Contractor Management In The Railway Industry

Contractor Management In The Railway Industry

Why is effective contractor management vital in the railway industry?

Effective contractor management is essential to safety in the Railway Industry, because it is a high risk sector. Without proper contractor management which takes into account safety, risk awareness and ongoing training, businesses can put their people at risk.

Both employee and contractor are responsible for Work Health Safety (WHS) within the Railway Industry. Contractors have a duty as workers, and must take reasonable care of their own health and safety.

However, as an employer it is also vital that you take responsibility for aspects of WHS. Both parties must come together to assess risks, and ensure that due diligence is done to minimise the likelihood of those risks.

This is a key strength of a contractor management system – it can help businesses monitor contractors and ensure that legal and ethical obligations are met.

We’re unpacking how contractor management should be performed in the Railway Industry to improve safety and compliance.


The first thing to note is that the Railway industry is unique. It poses unique hazards and risks that contractors must be made aware of. 

Some of the additional hazards that are present in the Railway Industry are:

  • Falling from heights
  • Exposure to toxic chemicals
  • Dangers of trips and slips
  • Hazard working with high voltage
  • Hazard working with fast moving trains
  • Biological hazards (COVID-19 related risk of working on a public railway network)black and brown chess piece on white tray

How can we minimise these risks?

As a business, it is important to collaborate with contractors to minimise hazards. A key way that businesses can keep on top of contractor safety is by using contractor management systems. These online software systems help you keep on top of permits to work, promote elearning modules and get sign off from the contractor on these topics.

A proper contractor management system requires each party to know and handle their responsibilities as required, and an online system helps businesses keep a digital record. In the Railway Industry this is particularly important, as the risks can be unique and may require special training. 

For the hazards above, it is likely that training and permits to work will need to be presented before a contractor can start working on the specific job. Businesses must ensure that contractors are fully qualified and must perform due diligence before allowing a contractor to work on a high-risk site.

Contractor management systems enable businesses to keep a handle on contractor movement and work in order to maintain compliance and keep people safe.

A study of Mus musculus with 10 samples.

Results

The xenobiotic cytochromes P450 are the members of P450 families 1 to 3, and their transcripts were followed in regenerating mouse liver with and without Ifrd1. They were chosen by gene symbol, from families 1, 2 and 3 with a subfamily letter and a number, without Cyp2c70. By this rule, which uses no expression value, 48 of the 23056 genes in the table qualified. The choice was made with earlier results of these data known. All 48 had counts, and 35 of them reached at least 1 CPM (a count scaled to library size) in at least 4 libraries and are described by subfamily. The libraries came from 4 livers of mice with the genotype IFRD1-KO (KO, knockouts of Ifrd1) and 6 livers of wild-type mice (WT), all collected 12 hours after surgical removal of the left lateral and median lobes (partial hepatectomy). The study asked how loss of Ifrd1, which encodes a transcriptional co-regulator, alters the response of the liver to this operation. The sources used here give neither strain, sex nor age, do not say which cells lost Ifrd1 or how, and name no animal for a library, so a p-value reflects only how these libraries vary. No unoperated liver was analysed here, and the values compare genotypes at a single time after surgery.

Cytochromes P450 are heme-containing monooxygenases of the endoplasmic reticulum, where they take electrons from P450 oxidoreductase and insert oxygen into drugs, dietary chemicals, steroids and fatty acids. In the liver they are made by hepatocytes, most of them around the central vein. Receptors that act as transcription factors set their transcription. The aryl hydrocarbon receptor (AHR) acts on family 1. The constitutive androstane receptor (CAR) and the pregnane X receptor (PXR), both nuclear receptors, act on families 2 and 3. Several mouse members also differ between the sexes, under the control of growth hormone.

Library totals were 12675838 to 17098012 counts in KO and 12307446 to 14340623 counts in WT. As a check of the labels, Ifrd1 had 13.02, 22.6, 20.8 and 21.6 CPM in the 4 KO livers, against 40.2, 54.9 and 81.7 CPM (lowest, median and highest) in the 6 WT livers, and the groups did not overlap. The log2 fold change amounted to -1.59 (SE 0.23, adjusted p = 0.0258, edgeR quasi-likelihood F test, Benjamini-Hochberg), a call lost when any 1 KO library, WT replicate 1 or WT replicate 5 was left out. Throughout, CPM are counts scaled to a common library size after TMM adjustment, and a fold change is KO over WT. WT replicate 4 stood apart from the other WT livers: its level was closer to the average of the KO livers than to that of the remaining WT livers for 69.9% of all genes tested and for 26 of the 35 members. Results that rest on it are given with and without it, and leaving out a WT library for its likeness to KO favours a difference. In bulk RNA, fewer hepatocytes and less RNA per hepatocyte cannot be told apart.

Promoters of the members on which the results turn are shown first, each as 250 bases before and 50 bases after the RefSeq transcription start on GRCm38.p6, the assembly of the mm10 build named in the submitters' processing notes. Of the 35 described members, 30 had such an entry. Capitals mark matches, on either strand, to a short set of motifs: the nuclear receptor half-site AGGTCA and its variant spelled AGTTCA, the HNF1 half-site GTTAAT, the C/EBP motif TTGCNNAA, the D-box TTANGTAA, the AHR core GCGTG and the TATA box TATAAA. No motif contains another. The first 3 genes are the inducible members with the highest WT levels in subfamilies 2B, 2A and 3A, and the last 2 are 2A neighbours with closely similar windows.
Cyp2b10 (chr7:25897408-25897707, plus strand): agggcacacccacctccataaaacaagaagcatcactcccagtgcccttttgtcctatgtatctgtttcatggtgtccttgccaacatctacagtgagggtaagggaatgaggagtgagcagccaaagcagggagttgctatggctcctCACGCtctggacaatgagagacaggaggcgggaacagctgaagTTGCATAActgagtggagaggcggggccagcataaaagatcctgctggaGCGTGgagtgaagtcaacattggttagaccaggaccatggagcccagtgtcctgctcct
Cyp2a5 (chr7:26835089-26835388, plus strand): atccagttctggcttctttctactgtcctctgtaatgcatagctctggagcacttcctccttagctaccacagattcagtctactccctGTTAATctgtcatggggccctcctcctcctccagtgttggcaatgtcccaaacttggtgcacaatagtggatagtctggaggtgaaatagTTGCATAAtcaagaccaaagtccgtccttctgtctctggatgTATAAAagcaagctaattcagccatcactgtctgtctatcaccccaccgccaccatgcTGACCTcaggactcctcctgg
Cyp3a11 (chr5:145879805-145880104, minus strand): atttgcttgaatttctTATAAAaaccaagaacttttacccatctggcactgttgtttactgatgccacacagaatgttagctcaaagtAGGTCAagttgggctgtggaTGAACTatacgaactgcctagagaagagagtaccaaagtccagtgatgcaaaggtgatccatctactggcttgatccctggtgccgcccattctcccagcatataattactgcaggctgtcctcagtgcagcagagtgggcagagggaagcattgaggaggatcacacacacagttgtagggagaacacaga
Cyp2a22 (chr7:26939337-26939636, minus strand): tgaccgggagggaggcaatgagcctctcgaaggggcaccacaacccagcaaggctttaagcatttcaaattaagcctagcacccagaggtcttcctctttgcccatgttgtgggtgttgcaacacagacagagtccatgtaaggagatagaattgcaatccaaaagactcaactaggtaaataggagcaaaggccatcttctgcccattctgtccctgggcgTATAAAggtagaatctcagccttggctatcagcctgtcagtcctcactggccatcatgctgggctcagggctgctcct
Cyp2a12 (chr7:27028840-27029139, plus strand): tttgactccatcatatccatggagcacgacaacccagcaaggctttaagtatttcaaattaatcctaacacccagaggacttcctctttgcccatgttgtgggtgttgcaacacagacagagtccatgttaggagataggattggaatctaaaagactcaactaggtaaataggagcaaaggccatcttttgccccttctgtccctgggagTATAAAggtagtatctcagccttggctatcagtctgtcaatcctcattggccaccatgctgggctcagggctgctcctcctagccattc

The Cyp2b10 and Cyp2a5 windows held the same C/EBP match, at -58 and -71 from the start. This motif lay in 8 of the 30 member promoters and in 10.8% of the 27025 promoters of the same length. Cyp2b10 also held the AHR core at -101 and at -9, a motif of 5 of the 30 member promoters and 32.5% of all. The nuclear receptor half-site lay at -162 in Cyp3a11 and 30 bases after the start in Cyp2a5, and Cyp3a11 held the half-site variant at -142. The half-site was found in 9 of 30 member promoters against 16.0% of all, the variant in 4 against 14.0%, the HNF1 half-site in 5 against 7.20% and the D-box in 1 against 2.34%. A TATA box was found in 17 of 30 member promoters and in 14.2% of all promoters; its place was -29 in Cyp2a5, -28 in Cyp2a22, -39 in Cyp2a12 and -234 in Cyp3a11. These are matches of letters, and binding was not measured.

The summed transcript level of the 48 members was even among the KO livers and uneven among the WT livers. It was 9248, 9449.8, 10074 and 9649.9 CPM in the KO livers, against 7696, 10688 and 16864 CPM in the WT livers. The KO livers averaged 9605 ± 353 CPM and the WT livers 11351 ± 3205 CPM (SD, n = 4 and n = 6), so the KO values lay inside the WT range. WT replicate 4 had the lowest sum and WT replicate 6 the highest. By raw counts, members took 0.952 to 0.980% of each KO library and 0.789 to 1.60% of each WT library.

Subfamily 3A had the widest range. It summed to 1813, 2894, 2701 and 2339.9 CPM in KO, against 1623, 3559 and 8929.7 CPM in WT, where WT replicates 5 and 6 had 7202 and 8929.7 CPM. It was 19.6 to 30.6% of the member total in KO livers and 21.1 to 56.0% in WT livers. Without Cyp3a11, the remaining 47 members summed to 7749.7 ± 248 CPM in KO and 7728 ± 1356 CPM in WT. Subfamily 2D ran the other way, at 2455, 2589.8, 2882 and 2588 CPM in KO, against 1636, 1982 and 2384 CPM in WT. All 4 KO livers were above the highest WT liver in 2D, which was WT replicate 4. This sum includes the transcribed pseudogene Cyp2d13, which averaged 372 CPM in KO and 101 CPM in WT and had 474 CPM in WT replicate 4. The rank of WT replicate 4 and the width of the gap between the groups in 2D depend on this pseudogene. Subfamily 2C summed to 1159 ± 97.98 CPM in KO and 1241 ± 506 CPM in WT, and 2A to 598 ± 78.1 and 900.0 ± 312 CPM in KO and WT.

Everyone. All parties must work together to make the workplace safe. However, the business will have certain responsibilities which need to be taken into account.

These are:

  • Have procedures governing the registration, induction, inspection and on site management of contractors
  • Have clear procedures on managing hazards, monitoring contractor work and maintaining contractor records.

Meanwhile, the contract supervisor should: 

  • Know the health and safety risks involved in the performance of the work
  • Possess proper training in contractor management
  • Ensure implementation of the required risk control measures to maintain safety
  • Monitor and manage the communication channel between the company and contractors.

And the contractors themselves need to:

  • Comply with business procedures
  • Know and meet their responsibilities on the job 
  • Tell the truth with regards to qualifications, permits and experience

Working in the Railway Industry is high risk

Unfortunately, in Australia in the 5-year period from 2009-2014, there were 812 cases of serious unintentional injury involving a train. This is way too high, and could potentially be mitigated with proper safety procedures. 

Safe Railways Australia has suggested that the high profile Railway worker fatalities in recent years has tightened the need for comprehensive safety systems. In a 2020 report, The National Rail Safety Regulator said that:

“The deaths of three rail safety workers in the past year…were felt across the Australian rail industry and indeed the broader community. They are tragic reminders of why the national regulator will continue to demand absolute vigilance from rail transport operators in the management of safety risks”.

In line with this report, we should not forget that the Railway Industry is high risk, and whether you are a contractor or an employer, it is vital to remain diligent.

This may mean you need to introduce regular safety audits, free contractor training and safety management systems that are more comprehensive.